Outlaw (Outlaw Chronicles) Paperback – 23 Jul 2009
A tale well told via the thoughts of a flawed hero...not a read for the squeamish (Nottinghamshire Today)
An historical epic in the vein of Bernard Cornwell and Conn IgguldenSee all Product description
It is also because he was "outlawed", a Germanic legal concept that existed in Anglo-Saxon England, in the Danelaw (where the outlaw was called a "nithing" if I remember correctly) and in Normandy after 911. An outlaw in Anglo-Norman England was, quite literally, "out of the law", meaning that he had not protection to expect from the law, could be killed by anyone without any fear of punishment and anyone who helped him would be punished for it. In the Duchy of Normandy and the Kingdom of England, being outlawed implied confiscation of a lord's lands, who was therefore left destitute, and exile, if this lord or knight wanted to save his life. If he didn't chose exile and could not obtain pardon, then predatory banditry was the only other option to survive. This is what Angus Donald shows so well in this book.
Another point that Angus Donald makes very well is the connection between Robin Hood's behavior as a ruthless outlaw out for his own profit and his need to provide for his followers, by fair means or foul, ras any feudal lord was expected to at the time if he wanted to retain his followers and therefore his power and standing as a warlord. This connection, which will appear time and again in the next volumes as well, is also one of the strongest point s of the book in my view. To a large extent, these appear as the two faces of the same coin and this also makes the story that much more plausible.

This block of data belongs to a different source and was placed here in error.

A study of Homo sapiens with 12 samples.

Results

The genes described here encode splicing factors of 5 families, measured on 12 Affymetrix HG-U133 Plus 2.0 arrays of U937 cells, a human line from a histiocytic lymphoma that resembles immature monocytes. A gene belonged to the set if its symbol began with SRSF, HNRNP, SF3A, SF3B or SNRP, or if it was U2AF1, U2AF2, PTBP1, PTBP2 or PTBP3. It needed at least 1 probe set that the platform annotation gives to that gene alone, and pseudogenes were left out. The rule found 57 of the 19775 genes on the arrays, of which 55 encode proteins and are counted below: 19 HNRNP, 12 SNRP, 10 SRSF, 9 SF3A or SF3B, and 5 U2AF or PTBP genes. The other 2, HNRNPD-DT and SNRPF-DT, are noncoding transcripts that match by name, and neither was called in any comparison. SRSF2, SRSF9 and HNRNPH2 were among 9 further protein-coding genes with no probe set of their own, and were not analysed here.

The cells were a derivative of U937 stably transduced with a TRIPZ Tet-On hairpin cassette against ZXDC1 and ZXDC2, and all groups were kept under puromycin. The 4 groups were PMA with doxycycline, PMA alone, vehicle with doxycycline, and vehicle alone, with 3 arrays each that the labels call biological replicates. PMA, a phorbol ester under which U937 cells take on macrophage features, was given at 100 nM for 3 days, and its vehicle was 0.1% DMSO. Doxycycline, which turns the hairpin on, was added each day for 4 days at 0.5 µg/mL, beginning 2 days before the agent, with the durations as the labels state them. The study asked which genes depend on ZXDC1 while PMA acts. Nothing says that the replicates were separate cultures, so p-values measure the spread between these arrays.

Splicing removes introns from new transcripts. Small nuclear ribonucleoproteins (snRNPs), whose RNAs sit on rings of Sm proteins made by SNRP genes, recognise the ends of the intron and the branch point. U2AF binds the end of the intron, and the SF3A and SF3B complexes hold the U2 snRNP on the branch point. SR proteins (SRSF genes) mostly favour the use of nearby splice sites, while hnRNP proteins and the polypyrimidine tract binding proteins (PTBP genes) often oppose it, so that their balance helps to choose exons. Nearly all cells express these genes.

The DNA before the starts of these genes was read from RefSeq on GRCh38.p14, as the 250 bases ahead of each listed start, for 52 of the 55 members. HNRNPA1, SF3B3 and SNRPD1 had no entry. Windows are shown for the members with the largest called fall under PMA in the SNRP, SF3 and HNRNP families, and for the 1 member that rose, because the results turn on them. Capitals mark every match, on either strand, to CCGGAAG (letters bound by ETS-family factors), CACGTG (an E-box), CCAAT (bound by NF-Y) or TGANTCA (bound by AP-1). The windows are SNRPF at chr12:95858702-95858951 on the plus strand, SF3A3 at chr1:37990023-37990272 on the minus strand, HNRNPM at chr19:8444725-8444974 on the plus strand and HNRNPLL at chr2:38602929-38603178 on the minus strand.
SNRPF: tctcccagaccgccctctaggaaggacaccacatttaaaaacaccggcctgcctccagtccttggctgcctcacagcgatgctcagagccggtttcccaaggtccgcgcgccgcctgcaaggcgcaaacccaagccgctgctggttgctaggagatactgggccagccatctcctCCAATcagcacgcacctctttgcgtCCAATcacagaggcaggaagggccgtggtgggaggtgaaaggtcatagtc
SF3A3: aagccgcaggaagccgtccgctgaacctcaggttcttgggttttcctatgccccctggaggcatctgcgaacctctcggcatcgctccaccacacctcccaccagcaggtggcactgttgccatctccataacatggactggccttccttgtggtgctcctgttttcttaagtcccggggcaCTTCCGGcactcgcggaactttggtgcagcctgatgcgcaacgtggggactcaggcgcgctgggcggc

Finally, the historical context is also very well portrayed, with the story in this first volume of five taking place in the last couple of years of the reign of the ageing Henry II, as his son Richard, Duke of Aquitaine, fights against him and side with the King of France, Philippe II (also known as "Augustus" thanks to the spin of his personal chronicler), while John, his last son, is also out for himself. The atmosphere of "fin de règne", uncertainty and increasing lawlessness that such a period must have seen is also very well rendered. Even the story telling, from the perspective of an aged Alan Dale, is interesting, if not original, in showing the mixed feelings that this version of Robin Hood could elicit from some of his followers, although these might also have had less than a "snow-white" background themselves (Alan Dale had to become a cut purse to survive after the hanging of his father).
Anyway, this is a superb start to a new series that I strongly recommend and also a five star read that I have just picked up, read again for the second time, and enjoyed even more than the first time.
But he is not an evil man in my estimation, and does what he has to do to make sure he and his colony of outlaws survives and remains strong. He is loyal to his colony and his loved ones
Alan Dale is caught having stolen a pie and is likely to be tortured and hung. He escapes his fate and is accepted into Robin Hood's band.
He is sickened by Robin's torture of an informer but soon becomes toughened and is trained as both a warrior and a troubadour.
When the household and village he is training in is put to the torch and its inhabitants, men , women and children massacred, at the hands of the psychopathic Sheriff of Nottingham, Sir Ralph Murdac, he swears revenge.
Scenes of murder, torture and death in battle not for the feint hearted.Strongly raunchy sex scenes including Alan's loss of his virginity to a gorgeous young red headed prostitute.
Robin hood in this series is a pagan who hates the church He engages in pagan rights, that can be brutal (but no more so than the witch burnings and tortures by the church it needs to be said) His great love is for the noble woman Marie Ann
Great character development. Thrilling captures the sights , sounds and smells of 12th century England
Unforgettable characters include the Welsh rogue monk, Brother Tuck, the super strong hulking and fierce Little John, and the erotic and skilled Irish pagan priestess Bridget
One of the best Robin Hood novels out there without a doubt.